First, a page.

If you can't be a good example...
Then you'll just have to be a horrible warning. This is what my life feels like right now, haha. If you can't tell from my past posts, I've really struggled with this program. I mentioned before that I was considering switching to Public Health for a Master's in Public Health (MPH) and I did decide to do that beginning Winter quarter 2010. So I'd like to explain how this whole situation came to be, and hopefully offer some things to consider before you (someone who may be investigating graduate programs) choose a school/program.
I think I chose this out of fear, rather than passion. I applied to Fisher not even thinking they would give my application a second look. Obviously, I misjudged my ability to write a captivating essay. :) When I got accepted, I was floored, and for good reason. In December 2008, I had been laid off from my dream job (this is important to know for later) at the Columbus AIDS Task Force. In the meantime (@ 3-4 months later), I was still on unemployment, looking for work, and couldn't even get an interview for an administrative assistant or bank teller position. That's when the acceptance letter came. It's kind of sad looking back, but I really felt like I had value as a member of society again because someone was actually intersted in me. Around the same time, I got accepted to the MPH program at OSU, too. Both came with NICE financial aid packages. As you may imagine, having no income changes your view on the importance of money. That is one of the perks about an MBA- you're more likely to get a high salary compared to other career options when you finish. What can I say? I was unnaturally vulnerable and the starting salary stats in the Fisher brochures sang out to my survival instincts. (I should have known that business schools employ expert marketing techniques in their recruitment brochures, lol.) And this is how I ended up at Fisher.
Reflecting on my path here, it seems easy to see that this was not the most rational decision. So, let me tell you some tips to consider if you're on the fence about ANY grad school program.
1. Studying something you're not totally into takes twice as much energy as studying something you love. If you want to know what that program will be like, try to spend a full day in a real student's shoes. Go to all of their classes (not just the most popular professor's), read what they're reading, etc. If you're exhausted after a only a few hours, try something else. For me, I feel energized and more curious after attending Public Health classes. After 4 hours of business classes I'm exhausted and ready for the weekend on a Monday. This is important to know because you'll be spending a lot of time studying. You want to have energy for life's other pleasures afterwards.
2. If you've had a dream job (like me at CATF)- analyze why you love it. Even after I found out I was losing my job, I really didn't want to leave because I enjoyed it so much. I even thought about "staying on" for free. Helping people, empowering others, and learning what it takes to make a difference for people society tends to forget about is my passion. It was also a small, intimate group of 30 people. So, think of grad school as looking for a new job. If something really works for you, find out if it's replicated somehow in the program you're considering. Turns out, Fisher is a little big for me. The intro classes have @ 75 people. In Public Health, there's only 10-20. Also, while business school isn't heartless, its focus is a little different, haha.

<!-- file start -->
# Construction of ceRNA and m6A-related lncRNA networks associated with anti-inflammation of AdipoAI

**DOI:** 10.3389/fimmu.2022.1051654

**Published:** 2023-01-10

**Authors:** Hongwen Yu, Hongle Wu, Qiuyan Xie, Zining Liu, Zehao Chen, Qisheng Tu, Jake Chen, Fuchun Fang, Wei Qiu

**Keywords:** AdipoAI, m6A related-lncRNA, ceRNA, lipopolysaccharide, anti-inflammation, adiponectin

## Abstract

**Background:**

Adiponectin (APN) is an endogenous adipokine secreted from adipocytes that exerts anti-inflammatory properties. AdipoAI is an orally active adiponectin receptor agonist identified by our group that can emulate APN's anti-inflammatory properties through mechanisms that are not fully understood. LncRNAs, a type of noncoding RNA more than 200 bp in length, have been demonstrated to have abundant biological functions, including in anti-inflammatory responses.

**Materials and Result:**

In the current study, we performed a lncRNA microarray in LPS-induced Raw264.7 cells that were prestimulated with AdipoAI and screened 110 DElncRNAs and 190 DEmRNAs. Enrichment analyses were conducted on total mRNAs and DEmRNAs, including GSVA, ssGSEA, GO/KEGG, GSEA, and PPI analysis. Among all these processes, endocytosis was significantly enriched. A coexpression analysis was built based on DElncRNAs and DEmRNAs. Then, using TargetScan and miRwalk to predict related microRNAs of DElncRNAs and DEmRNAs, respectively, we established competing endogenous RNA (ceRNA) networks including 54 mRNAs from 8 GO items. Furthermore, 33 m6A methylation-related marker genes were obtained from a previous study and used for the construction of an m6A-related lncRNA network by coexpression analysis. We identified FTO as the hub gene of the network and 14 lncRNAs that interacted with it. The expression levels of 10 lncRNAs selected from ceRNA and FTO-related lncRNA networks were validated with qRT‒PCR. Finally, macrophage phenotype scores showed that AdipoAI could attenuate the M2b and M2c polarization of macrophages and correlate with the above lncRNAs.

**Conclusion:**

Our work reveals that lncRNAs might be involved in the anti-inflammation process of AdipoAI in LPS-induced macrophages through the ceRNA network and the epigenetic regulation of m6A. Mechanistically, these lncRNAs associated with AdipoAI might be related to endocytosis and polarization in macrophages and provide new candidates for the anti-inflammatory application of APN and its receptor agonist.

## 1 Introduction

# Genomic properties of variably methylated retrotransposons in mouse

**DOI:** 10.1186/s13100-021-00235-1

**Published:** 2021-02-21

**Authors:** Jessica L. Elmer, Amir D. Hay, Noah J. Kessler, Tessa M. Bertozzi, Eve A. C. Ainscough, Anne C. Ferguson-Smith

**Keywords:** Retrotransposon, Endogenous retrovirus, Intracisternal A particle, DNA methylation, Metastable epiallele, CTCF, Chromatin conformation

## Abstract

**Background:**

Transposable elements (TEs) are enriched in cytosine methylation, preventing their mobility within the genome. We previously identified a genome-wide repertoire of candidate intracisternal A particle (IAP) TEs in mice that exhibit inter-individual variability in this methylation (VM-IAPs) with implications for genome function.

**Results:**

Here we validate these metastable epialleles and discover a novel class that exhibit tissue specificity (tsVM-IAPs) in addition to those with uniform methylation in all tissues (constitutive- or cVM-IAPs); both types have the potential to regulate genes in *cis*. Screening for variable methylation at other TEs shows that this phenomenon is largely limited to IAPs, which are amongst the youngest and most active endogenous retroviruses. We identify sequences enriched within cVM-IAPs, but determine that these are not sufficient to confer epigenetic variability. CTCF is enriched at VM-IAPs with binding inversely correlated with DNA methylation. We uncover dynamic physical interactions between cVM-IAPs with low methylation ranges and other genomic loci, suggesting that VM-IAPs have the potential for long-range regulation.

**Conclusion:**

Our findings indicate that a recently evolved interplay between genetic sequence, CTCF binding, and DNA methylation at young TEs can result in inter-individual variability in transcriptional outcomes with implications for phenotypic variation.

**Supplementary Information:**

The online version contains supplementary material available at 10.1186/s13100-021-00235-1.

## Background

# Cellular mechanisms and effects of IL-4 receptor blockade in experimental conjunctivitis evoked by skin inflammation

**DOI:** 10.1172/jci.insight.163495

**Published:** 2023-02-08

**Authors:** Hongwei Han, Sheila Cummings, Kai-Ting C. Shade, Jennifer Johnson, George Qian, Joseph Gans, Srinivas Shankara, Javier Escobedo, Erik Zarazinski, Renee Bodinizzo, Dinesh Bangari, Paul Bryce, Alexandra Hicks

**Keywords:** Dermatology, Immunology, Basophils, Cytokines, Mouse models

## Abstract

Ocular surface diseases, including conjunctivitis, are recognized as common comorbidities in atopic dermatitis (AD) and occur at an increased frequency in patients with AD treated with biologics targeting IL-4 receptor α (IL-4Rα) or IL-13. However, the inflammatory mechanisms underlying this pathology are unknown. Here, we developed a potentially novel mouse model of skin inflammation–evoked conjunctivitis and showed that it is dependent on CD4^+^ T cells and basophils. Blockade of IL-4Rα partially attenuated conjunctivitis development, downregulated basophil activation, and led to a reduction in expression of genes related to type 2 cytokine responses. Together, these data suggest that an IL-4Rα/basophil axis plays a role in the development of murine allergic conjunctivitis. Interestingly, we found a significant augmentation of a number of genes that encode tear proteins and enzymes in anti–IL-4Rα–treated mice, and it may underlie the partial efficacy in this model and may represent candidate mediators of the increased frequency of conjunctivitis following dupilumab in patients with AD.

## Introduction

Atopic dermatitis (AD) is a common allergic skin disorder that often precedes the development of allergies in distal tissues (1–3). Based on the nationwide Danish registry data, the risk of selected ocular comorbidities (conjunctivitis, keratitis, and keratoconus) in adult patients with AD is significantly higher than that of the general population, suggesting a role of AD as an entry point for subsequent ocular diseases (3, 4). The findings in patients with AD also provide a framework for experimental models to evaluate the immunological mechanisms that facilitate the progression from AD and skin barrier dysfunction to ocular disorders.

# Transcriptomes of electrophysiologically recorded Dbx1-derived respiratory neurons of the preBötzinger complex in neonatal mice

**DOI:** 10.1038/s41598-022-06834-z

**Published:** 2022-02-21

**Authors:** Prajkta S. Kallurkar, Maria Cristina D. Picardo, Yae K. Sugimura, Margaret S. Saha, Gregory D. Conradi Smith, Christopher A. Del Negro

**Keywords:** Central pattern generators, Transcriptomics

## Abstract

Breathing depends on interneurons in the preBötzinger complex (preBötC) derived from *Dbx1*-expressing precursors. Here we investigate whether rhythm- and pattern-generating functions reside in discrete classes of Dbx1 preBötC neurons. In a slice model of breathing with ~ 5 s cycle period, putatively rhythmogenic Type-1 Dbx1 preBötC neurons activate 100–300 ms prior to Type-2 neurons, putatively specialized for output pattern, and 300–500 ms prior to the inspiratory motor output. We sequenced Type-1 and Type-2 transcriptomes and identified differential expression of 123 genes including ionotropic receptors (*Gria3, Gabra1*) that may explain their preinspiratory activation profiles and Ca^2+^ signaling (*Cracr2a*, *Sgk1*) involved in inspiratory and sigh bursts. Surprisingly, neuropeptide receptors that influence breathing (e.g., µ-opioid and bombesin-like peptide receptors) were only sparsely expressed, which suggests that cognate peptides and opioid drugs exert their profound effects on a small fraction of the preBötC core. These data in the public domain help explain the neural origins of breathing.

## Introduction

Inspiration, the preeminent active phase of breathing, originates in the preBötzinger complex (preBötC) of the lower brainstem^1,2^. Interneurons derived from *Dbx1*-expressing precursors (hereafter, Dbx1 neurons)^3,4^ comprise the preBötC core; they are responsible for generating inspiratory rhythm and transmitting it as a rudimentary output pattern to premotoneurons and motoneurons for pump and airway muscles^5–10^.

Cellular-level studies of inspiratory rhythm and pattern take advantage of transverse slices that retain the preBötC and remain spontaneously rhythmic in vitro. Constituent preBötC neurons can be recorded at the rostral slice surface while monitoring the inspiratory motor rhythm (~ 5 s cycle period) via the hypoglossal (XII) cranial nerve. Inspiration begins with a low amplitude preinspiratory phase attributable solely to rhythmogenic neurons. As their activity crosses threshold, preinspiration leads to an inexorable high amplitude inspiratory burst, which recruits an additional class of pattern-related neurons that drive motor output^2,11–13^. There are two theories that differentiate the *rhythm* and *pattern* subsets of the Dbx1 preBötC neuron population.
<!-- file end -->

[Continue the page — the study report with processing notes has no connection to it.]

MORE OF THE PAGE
3. Trust your instincts!!!! I know, I know. Everyone says this, but ultimately you usually find out why you should have done it when it's too late. I knew this was not the right choice for me before classes even started. While I questioned it silently, I never said anything because to everyone else it seemed like a great opportunity- especially given my circumstances of unemployment and being broke. This was my ticket out. A top business school. An MBA. Prestige & fortune (potentially, lol). I thought I could make it work by changing myself into the MBA-type. And I'd be successful and never have to worry about a career or income again. Turns out, I feel anything but successful now because in a way, I betrayed myself.
So, the moral of this story is that grad school is hard. It's even harder when you have to devote so much time and effort to something that ultimately doesn't work for you. Choose wisely, and choose for you. If you have doubts, explore them until you have answers. If you love something (your job or a subject), don't discount it because there's probably a good reason you love it and not something else. Don't be afraid to explore new things, (I've learned a lot in business classes- probably a lot more than I bargained for), but don't be afraid to reconsider.